A surefire marketing strategy: Develop a need where consumers don’t even know they have one.
The flipside: Wait until a need becomes so apparent, so prevalent and so overwhelming that it can no longer be justifiably ignored as a legitimate need.
A pocketful of lawsuits and a barrage of tax increases in its portfolio, and the tobacco industry is coming to recognize that OTP may be the surest way to fill in gaps that are sure to pop up in the cigarette category, a segment perpetually threatened by legislation and public opinion.
To be sure, cigarettes are still a solid margin maker for c-stores, where the category ranked No. 2 in terms of contributions to in-store gross profit dollars and No. 1 in sales, according to NACS 2008 State of the Industry (SOI) report data. But that number is increasingly dwindling year over year, with the cigarette category on a perch that it’s sure to fall from in the coming years as it confronts more challenges from health-focused consumers, tax increases and such.
OTP, on the other hand, was among the category leaders this past year when it came to in-store sales and margins. While OTP ranked just eighth among the top 10 contributors for actual gross profit dollars, the category still led the way for increases in per-store sales and per-store gross profit dollars, posting 19% jumps on both fronts.
In the subcategories, smokeless tobacco and cigars are dominating, touted as viable alternatives to cigarettes. Product innovations, better marketing and better in-store placement of these subcategories are fueling growth as well. Smokeless tobacco, for instance, accounted for more than 62% of sales in OTP, almost a 9% increase over the year prior, while cigars accounted for about 32% of OTP sales and saw roughly a 16% increase.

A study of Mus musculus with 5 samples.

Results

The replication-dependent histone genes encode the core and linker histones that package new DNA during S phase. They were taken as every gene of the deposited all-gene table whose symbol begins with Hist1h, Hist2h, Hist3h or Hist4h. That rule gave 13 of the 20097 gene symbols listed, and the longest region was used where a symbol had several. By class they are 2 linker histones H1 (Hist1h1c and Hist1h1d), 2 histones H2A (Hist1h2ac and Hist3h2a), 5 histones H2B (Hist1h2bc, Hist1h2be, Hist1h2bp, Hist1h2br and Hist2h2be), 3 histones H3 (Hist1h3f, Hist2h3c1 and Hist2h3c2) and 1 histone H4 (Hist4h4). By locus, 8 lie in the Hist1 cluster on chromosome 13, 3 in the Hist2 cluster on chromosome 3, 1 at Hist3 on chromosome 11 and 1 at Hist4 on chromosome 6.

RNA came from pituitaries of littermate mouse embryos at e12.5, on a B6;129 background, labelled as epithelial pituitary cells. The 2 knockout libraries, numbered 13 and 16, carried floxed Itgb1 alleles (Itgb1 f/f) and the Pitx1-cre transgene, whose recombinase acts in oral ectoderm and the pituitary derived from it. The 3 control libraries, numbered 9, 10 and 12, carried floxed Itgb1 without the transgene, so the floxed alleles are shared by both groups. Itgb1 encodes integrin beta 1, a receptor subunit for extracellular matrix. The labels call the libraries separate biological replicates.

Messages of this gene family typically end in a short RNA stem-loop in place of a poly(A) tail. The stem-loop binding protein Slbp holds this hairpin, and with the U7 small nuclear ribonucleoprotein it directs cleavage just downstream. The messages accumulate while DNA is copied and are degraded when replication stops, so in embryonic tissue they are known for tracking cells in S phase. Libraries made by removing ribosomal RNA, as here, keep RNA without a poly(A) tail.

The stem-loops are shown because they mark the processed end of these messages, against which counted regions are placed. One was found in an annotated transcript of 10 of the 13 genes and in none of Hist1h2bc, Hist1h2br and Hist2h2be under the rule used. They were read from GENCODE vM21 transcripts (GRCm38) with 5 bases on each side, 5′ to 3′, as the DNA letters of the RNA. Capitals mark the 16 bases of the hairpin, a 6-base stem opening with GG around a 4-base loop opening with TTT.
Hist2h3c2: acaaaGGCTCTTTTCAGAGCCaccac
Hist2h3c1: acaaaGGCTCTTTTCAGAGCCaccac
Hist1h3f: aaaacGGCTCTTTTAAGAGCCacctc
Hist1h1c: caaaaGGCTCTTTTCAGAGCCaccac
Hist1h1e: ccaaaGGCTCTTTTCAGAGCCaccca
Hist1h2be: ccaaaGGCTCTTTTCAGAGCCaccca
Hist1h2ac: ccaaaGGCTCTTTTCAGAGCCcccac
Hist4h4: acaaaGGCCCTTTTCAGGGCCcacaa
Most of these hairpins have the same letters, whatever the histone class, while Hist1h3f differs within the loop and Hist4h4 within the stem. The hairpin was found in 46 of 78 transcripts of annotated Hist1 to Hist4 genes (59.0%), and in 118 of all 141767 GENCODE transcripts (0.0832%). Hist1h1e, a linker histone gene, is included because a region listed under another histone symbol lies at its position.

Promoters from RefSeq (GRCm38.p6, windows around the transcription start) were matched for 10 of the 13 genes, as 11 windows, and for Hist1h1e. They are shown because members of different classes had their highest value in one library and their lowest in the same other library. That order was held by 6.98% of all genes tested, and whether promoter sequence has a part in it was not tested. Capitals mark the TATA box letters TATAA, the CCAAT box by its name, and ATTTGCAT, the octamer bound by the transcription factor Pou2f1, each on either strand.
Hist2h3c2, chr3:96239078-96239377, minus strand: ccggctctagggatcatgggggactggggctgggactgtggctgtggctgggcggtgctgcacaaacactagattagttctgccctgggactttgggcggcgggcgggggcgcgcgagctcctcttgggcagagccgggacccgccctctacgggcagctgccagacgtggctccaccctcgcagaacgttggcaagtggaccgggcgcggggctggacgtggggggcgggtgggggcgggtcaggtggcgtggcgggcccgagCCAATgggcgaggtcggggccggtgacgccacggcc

USB Investment Research analyst Nik Modi said moist smokeless tobacco’s popularity is only in its early phase, and it can expect annual 6 to 8% growth up until 2010 as retailers position the category as a means to recover margins that are shrinking in the cigarette category.
Domestic tobacco giants haven’t failed to take notice. They’ve all invested heavily in a product analysts suspect could become a critical segment in the smokeless subcategory: Snus. A spitless powdered tobacco that comes in a pouch placed between the gum and upper lip, snus originated in Sweden and is considered by some a safer alternative to cigarettes.
Both Philip Morris and RJ Reynolds have taken notice, test marketing in select states their respective snus brands, Marlboro Snus and Camel Snus. Similar products are trickling into the market as well, such as the Swedish-made Tourney snus that c-store chain Speedway SuperAmerica introduced in its stores.
At a shareholder meeting in May, Philip Morris parent company Altria Group Inc. reemphasized plans to bolster its non-cigarette tobacco products in light of smoking bans, health concerns, tax increases and other factors. Altria CEO Michael Szymanczyk said he’ll use the Marlboro brand to sell more smokeless products that it plans to introduce to the market in the coming years, since its predicting Marlboro cigarette sales will fall between 2.5% and 3% in that time.